The plan to solve the school finance situation in Texas will become much clearer in the next week, according to one East Texas legislator. On the table now is a broad-based business tax, a hike in cigarette taxes, and using part of a huge budget surplus, all to give property tax relief.
"The last thing we want is for the courts to take control of public education," says State Senator Kevin Eltife, R-Tyler. He says most lawmakers support a tax on all business -- a broad-based tax to replace the franchise tax levied on corporations.
"It's broad-based. It's fair. It's equitable. It's actually a tax swap. If it's passed, we'll, in turn, take that money and reduce property taxes which will solve the court order," Eltife says.
Longview's Tommy Merritt agrees.
"If you have to bite the buillet, we should not exempt people or industries that should be paying the tax," says the Republican member of the Texas House.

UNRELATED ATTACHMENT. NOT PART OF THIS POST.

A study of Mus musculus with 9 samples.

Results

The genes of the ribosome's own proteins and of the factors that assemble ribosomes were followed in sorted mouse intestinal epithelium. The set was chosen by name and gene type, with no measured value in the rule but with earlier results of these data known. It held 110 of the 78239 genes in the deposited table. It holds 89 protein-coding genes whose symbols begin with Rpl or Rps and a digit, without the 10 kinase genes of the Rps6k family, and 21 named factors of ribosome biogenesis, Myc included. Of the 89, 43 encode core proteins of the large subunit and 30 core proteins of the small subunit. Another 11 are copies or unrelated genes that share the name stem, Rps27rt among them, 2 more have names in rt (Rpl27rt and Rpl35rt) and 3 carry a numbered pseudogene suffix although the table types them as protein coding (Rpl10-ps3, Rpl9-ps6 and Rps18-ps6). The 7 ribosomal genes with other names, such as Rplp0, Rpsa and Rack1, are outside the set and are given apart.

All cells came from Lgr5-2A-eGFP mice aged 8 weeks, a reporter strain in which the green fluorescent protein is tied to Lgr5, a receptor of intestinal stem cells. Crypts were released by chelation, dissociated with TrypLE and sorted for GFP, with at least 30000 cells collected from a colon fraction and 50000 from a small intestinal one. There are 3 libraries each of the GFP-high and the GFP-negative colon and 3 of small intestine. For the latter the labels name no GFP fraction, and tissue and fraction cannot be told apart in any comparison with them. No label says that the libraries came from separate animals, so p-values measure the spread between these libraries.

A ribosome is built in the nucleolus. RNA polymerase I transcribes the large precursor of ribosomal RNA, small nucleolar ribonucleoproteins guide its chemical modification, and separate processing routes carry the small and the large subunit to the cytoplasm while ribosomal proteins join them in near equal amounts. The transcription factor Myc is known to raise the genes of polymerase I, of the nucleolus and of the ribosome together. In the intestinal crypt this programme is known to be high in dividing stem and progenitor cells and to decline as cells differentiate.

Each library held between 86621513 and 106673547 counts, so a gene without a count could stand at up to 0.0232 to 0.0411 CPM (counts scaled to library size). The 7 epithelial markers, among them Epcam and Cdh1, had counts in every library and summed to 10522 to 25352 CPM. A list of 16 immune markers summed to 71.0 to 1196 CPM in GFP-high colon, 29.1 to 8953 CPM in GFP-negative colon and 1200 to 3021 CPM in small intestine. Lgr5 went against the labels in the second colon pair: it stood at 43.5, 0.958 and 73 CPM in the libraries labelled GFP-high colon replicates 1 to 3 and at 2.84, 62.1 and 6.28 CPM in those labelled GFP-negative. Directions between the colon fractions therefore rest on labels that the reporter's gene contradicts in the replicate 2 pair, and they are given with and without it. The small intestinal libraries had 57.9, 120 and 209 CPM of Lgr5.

The other hot button is whether to tax more to light up a cigarette. A dollar a pack more is the proposal. Representative Merritt says there shouldn't be a tax increase when the state's budget surplus is 8.2 billion, and smokers will find ways around it.
"I think we just [create] a black market. People will run to Louisiana or Arkansas to buy cigarettes and we lose revenue in our communities," he says.
Eltife wishes lawmakers could choose where that money goes.
"I don't have a problem with a cigarette tax, but I'd prefer it go to health care issues," he says.
With the surplus announced last week, there are some lawmakers who want to pay down property taxes and go home. Jacksonville Democrat Chuck Hopson says that's dangerous.
"I think it's very tempting when we do that, but it's not giving us a permanent fix for education," he says.
The Senate will be waiting in recess to see what passes the House next week, and if long-term problems will get solved. But there is still much hope.
This is the fifth time legislators have been called back into special session to debate school finance. In November, the state supreme court said if property taxes weren't slashed by June 1, they'd take control of the school system, and schools might not open in the fall.